I've been invited to speak at AgChat's National Collegiate Congress tomorrow in Indianapolis. AgChat? AgChat is an organization created to empower farmers and ranchers to connect with communities through social media.
I ventured to my first AgChat conference in 2011 and credit this organization to many of my professional contacts and dearest friends.
This organization has evolved past social media account tutorials and now focusses on storytelling and content.
Tomorrow I will stand before a herd of college students and discuss advocating away from the farm. Known to me as living. College students are the most terrifying of species. They know everything. I know this because I was the most basic of college students.
Because my genes are from Indiana, I ventured to the 317 early to spend a few days working remotely on the davenport while discussing soybean prices and checkoff programs with my grandpa. Meanwhile, my other grandpa started a new blog.
Being here (literally, in Indiana) working on tomorrow's presentation has afforded the hamsters a significant about of time on the wheel. How did I get here? This path, man. I couldn't have planned this.
the three one seven
My genes are from Franklin, Indiana. My family has been farming in central Indiana for quite a few years. In fact, my great-grandpa was the Indiana Dairyman of the Year in 1957.
Agriculture is in my genetic makeup.
In the late 90s, when today's college students were learning to walk and my parents decided a life in the west was their jam.
Talk about traumatic for this 5th grade graduate. My parents loaded up a pot belly of commercial cattle, a stock trailer full of our prized processions and drove to Oklahoma where dreams could be made. You know, unicorns, glitter, magic.
Middle school. Dirt roads. Dirt roads.
Home became Perkins, Oklahoma.
the four oh five
Since the late 90s (when Nick TV was better than Disney), my family’s farm transitioned into more of a ranching operation. With a few thousand acres to run commercial cattle and purebred angus my family fell in love with Oklahoma.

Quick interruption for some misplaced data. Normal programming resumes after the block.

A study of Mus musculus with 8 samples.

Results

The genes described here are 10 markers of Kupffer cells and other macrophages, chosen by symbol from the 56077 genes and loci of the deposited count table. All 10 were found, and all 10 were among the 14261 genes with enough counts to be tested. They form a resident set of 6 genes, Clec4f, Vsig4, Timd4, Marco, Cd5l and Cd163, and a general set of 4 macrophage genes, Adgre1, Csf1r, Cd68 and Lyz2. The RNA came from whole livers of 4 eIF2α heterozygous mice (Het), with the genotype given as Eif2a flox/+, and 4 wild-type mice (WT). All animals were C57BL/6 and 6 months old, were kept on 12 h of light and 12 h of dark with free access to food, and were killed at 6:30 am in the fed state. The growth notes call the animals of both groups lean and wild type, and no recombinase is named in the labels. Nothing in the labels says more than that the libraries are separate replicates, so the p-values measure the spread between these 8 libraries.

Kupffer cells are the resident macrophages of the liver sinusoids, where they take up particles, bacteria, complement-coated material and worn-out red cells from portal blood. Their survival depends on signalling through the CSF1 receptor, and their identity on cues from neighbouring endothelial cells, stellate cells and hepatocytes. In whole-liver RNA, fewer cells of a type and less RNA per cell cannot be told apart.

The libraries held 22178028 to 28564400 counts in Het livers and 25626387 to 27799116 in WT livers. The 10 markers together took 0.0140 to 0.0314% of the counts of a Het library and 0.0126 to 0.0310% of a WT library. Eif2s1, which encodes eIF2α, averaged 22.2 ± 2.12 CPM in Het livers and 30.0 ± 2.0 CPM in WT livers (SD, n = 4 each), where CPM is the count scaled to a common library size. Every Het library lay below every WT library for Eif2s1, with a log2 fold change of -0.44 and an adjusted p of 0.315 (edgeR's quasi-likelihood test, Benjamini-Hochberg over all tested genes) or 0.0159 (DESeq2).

I fell hard.
The life I became to know and love was so different that what I would have had in Indiana.
Then I fell harder in college. The food system and agriculture's many facets became the thing that made sense to me. I traveled abroad with groups to Nicaragua, Argentina, Scotland, England and France and saw first-hand the different views of the vast agricultural industry.
After two degrees, I moved the 100 miles to Oklahoma City where I became the pork girl. ( A post to be written by the sportswriter.)
At OPC, was thrown directly into media buying and marketing promotions. I loved it. I loved telling stories. However, I became very intimate with the gap between agriculture and consumers. I needed something that, at the time, agriculture couldn't give me. I needed to know consumers.
I mean, I liked consumers. Wasn't I one? To me, the line between the two didn't exist. I'm an equal opportunity human supporter.
My plan: Leave agriculture and return in five to seven years with mainstream media and advertising experience.
I became the official travel writer and social media manager of Chickasaw Country, which is the south-central region of Oklahoma., and covered concerts, restaurants, stores.
The. Best. Job. Ever.
Just me and my consumers. Chatting. Exploring. People really liked hearing my stories. They loved knowing I broke ice before school, how my show stock made its way into the herd, what “fixing a water gap” meant.
the seven oh four
In North Carolina, I joined a prominent advertising agency that worked with clients in tourism, banking, sports, consumer products, commerce, et al. and found myself on the consumer frontline.
Sure I managed social properties, but I also worked with consumers every day. Until then, I had never been so intimate with a group of humans who were so completely removed from the family farm.
For example, during my interview, an individual in a leadership position laughed as she told me her 6-year-old didn’t know what a cow was. To me, this was completely baffling, but it made sense. How could a child know what a cow was if she didn't venture far from an urban setting?
My examples could go on for days, but it was like something clicked. I felt like Rocky. My whole life I’d been chasing chickens just I could compare consumers to Clubber Lang.
That may be a bad example. No fighting necessary.
the five one two
Only three and half years after leaving agriculture, I've rejoined the team. Go team ag! I serve as a liaison between agriculture and consumers in a vast lineup of commodities and have found a solid niche career in the digital space.
I live in an urban jungle filled with food trucks, live music and really cool humans.
My life is advocating away from the farm.
As a work on tomorrow's presentation and pull specific tips, examples and such I'm reminded it's really just about relationships.
- Listen more than you talk.
- See both sides of the story. (Even if you have to physically go see both sides of the story)
- And be you. No one knows (insert your industry/passion/project) better than you do.
From the 317 to the 405 to the 704 to the 512 and back.
Tomorrow I talk about sharing agriculture's story in the very place my life began developing its roots. Full circle, man. Full circle.